26 July 2020
‘Holy Annie, God’s granny’
and the secret saints who
emerged at the Inquisition
Today is the Feast of Saint Anne (26 July). It is a day celebrated in the Church of England in the calendar of Common Worship as ‘Anne and Joachim, Parents of the Blessed Virgin Mary,’ and in the US in the calendar of the Episcopal Church as ‘The Parents of the Blessed Virgin Mary,’ without naming them.
It is a feast that is not marked in the Calendar of the Church of Ireland. But, in his book, Dedicated to Saint Anne (2008), Duncan Scarlett counted 29 churches and chapels within the Church of Ireland that are dedicated to Saint Anne, including Saint Anne’s Cathedral, Belfast, Saint Anne’s Church on Dawson Street, Dublin, Saint Anne’s Church, Cappoquin, Co Waterford, Saint Anne’s Church, Shandon, Cork, and Saint Anne’s Church, Killanne, Co Wexford.
There is also a Saint Anne’s Chapel in Saint Mary’s Cathedral, Limerick, where the former Chapel of Saint Anne and the Sexton Chapel were amalgamated to form the consistorial court.
There is the old joke beloved by theology students that refers to Saint Anne as ‘Holy Annie, God’s Grannie.’
But, even as a child, I could be amused by the fact that the two parish churches in Cappoquin – Saint Anne’s (Church of Ireland) and Saint Mary’s (Roman Catholic) – were named after mother and daughter and stood side-by-side on the one triangle of land at the junction of Main Street and Mill Street, on sites donated by the Keane family, with Saint Anne’s on a slightly higher site.
In Porto last year, I heard how Saint Anne was one of two saints, alongside Saint Esther, who was popular among the conversos or anusim, the crypto-Jews who had been forced to convert to Christianity in Portugal and Spain during the Inquisition.
Saint Anne was a popular figure among the conversos because, it was said, she had died before the birth of Christ and so had never converted to Christianity yet was revered as a saint. When conversos were forced to place a shrine outside their homes as a sign of their commitment to Christianity, Saint Anne was often the saint of choice.
A similar tradition about Saint Anne has been recorded among the descendants of conversos or anusim from Spain and Portugal who settled in Naples, Sicily and other parts of Italy.
Saint Esterica, who became popular in converso families from Portugal and Spain, was modelled on Queen Esther of Persia. She hid her Judaism when she married King Ahasuerus, and she is said to have been a vegetarian to avoid eating non-kosher meat. She seemed to be fully assimilated, yet she never forgot who she truly was.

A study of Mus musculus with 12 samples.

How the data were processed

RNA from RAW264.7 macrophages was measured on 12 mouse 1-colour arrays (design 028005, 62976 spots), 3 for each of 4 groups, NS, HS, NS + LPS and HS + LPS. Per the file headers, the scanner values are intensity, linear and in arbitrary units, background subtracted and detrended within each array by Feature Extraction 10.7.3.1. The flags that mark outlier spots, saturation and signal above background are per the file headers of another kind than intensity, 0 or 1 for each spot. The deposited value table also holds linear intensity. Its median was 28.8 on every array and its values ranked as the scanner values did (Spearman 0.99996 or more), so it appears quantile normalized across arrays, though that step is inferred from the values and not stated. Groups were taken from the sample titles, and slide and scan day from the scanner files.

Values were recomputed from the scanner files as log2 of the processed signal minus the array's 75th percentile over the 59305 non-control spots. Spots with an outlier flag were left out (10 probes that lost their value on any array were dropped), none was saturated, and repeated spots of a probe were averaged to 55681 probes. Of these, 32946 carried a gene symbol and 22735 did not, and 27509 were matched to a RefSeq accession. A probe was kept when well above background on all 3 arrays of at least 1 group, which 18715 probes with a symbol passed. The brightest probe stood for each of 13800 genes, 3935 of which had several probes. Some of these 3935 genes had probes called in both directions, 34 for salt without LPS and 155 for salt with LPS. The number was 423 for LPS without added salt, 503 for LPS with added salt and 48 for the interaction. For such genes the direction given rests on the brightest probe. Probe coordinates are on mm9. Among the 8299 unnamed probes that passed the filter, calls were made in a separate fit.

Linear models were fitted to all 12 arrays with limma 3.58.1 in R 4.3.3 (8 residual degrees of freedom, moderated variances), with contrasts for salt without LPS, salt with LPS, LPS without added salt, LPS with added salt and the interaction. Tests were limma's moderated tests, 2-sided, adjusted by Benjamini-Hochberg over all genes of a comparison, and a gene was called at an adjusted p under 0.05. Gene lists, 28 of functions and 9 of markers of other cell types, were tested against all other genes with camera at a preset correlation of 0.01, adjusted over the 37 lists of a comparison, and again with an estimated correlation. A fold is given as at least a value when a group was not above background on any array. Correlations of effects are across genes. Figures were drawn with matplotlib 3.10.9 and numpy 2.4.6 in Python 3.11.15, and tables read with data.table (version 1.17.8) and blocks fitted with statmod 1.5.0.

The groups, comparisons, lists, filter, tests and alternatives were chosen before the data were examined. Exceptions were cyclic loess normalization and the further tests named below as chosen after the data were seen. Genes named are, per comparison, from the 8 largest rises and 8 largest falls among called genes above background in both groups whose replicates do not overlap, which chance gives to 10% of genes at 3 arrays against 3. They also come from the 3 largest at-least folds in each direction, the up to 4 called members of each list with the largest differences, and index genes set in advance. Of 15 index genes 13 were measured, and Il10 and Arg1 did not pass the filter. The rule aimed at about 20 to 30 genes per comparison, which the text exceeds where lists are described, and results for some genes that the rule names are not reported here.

When Ferdinand and Isabella established the Spanish Inquisition in 1478, many Jews converted to Catholicism outwardly. Inwardly, they kept practicing Judaism in secret, becoming anusim, conversos, or crypto-Jews.
Queen Esther was an inspiration for the anusim because she remembered her true but hidden Jewish identity while integrating into wider society.
Although Queen Esther was never canonised, the anusim transformed her into Saint Esther or Santa Esterica, and they continued to celebrate Purim by reinventing it as ‘the Festival of Saint Esther.’
When the Jews were expelled from Spain in 1492, many Jews and conversos escaped to Portugal, taking their traditions with them. But a similar expulsion order was issued in Portugal in 1497. Many Spanish and Portuguese anusim then brought the traditions of Saint Esther to Mexico and other parts of the New World.
The Festival of Saint Esther included the three-day Fast of Queen Esther and the Feast of Saint Esther, when women fasted and then lit devotional candles in honour of Saint Esther, and when mothers and daughters cooked a banquet together, passing on family recipes that transmitted the traditions of kashrut or kosher food.
In crypto-Jewish homes, Queen Esther was represented in icons, statues and devotional paintings of Saint Esther, depicted wearing a crown adorned with myrtle and holding a sceptre decorated with a pomegranate, a tradition that continues to this day among some families in New Mexico.
Of course, as Duncan Scarlett pointed out, Saint Anne and Saint Joachim are totally fictitious saints too, constructed by the early Church to fill a perceived gap in the Biblical narrative of the Birth of the Blessed Virgin Mary.
Their names come only from New Testament apocrypha, and writings such as the Gospel of James, written sometime between 150 and 200. The story bears a similarity to that of the birth of Samuel, whose mother Hannah – etymologically the same name as Anne – had also been childless.